Butter: Keeping it Real

Wow, guest blogger Jessica's post on bees and raw honey yesterday was a hit! Thanks again Jessica! And based on the response, we all hope you come back soon! If you missed it, be sure to read it here.

And now on to butter...

Before you begin your two-day campout in the kitchen to prepare the Thanksgiving feast, you may want to hear what I have to say about butter. And believe me, you will like what you hear.

Butter is a health food! Yes, you heard me correctly. A health food. Butter contains large amounts of vitamin A (more than carrots!) as well as vitamins E, K and D. It is also rich in trace minerals such as selenium (a powerful antioxidant) and iodine. And as we all know, butter has fats. Some of these fats are short- and medium-chain fatty acids that remain fairly stable when heated, so are safe to use when cooking or baking. Fats in butter are used as energy for our heart, brain and digestive tract; act as anti-carcinogens (reduce occurrence of severity of cancer cells in our bodies); to stimulate immune systems and act as antimicrobials; and protect against gastrointestinal infections (especially in children and the elderly, which is one reason kids should drink whole milk).

Some people buy margarine thinking they are doing themselves a favor by reducing fat and calories. Margarine was originally used in the mid-1800s as an affordable way to feed the lower class. Margarine, the supposedly “heart-healthy” choice, is made from vegetable oils (mainly soy and cottonseed) using high heat and high pressure. Heating leads to destruction of basic nutrients in foods. Nickel, a toxic heavy metal, is added to solidify the margarine. Colorings and deodorants are added to change the final product from gray to yellow and to eliminate the rancid smell that comes with heating vegetable oils. Margarine is hydrogenated, which produces harmful trans-fatty acids. The polyunsaturated fats in margarine are more susceptible to oxidation and high levels of free radicals, and due to their chemical composition are more likely than the fats in real butter to be stored as body fat.

Many people forget that butter is a natural, whole food. We are repeatedly encouraged to stay away from processed foods, and this includes margarine. Some of you may use other buttery spreads, like Smart Balance. These tend to be a mix of different processed oils, and while they may contain fewer fats than butter, they are definitely not a natural, whole food. The hardened state of buttery spreads is indicative of the amount of processing needed to make a mixture of oils turn into a tub of spread. Many of them claim to use flaxseed oil, but fail to mention that the processing of the oil kills off its omega-3s. Many of us are deficient in omega-3s because of these processing methods. The high levels of omega-6s in buttery spreads (without omega-3s to complement them) can cause inflammation in our bodies.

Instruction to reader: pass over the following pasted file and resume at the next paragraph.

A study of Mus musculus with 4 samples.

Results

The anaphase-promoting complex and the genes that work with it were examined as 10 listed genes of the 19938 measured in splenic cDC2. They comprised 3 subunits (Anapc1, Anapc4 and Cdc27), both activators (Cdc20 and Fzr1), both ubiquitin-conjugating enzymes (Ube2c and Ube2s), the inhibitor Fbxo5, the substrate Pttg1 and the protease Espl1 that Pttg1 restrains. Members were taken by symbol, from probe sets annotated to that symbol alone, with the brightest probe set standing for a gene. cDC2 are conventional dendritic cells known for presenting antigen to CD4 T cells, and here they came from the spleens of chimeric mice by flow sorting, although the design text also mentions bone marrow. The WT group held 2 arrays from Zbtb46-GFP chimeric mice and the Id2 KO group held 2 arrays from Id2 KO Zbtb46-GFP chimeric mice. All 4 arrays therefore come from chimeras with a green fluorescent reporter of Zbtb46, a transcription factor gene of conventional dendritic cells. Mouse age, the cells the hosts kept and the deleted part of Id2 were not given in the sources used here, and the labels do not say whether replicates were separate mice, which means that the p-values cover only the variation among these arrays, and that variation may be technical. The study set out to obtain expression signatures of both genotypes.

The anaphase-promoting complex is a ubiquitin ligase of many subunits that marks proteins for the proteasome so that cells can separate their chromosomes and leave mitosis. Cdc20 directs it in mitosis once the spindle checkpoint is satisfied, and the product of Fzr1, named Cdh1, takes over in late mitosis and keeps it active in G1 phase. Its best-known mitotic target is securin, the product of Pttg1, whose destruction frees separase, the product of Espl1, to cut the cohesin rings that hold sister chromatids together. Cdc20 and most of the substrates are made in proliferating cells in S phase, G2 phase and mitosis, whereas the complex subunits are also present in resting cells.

When buying butter, try to choose raw butter from grass-fed cows as it is closest to its original form and contains the enzymes and healthy bacteria that would otherwise be killed off during pasteurization. Raw butter from grass-fed cows will be bright yellow or orangey in color, due to the beta-carotene from the grass. Note that not all butters labeled “organic” are raw or from grass-fed cows. If raw butter is unavailable to you, some good grass-fed cow brands to try are KerryGold (sold at Trader Joe’s!) or Organic Valley Limited Edition Pasture Butter. And if you cannot find butter that is raw and/or from grass-fed cows, organic butter is a good third choice.

So go ahead, throw some real butter into those pumpkin apple pies! They’ll taste better and you’ll be doing everyone at your dinner table a favor!

Tomorrow I will talk about milk. Like butter, milk contains the most nutrients when consumed raw. I’ll explain why, and also provide some alternatives if raw milk is not readily available to you.


  1. Ann, it's a pleasure to read your articles. They are well written and easy for everybody to understand. If you keep going in this pace I think you'll have to write a book, and it will be a big hit! Do we have a Trader Joe's in Denver??? I wish. We've seen Kerry Gold at Whole Foods. Since my husband is Irish, he could not help but noticing it! :) So are all Kerry Gold products grass fed? We noticed that it's more expensive than the organic brands.

  2. Thanks, Miriam!

    I wish we had a Trader Joe's in Denver... I don't know what's taking so long! It would be a great addition.

    As far as I know all Kerrygold products are from grass-fed cows. I am hoping to try their cheeses soon! It's a bit more expensive but tastes better and is healthier for us. Go Irish!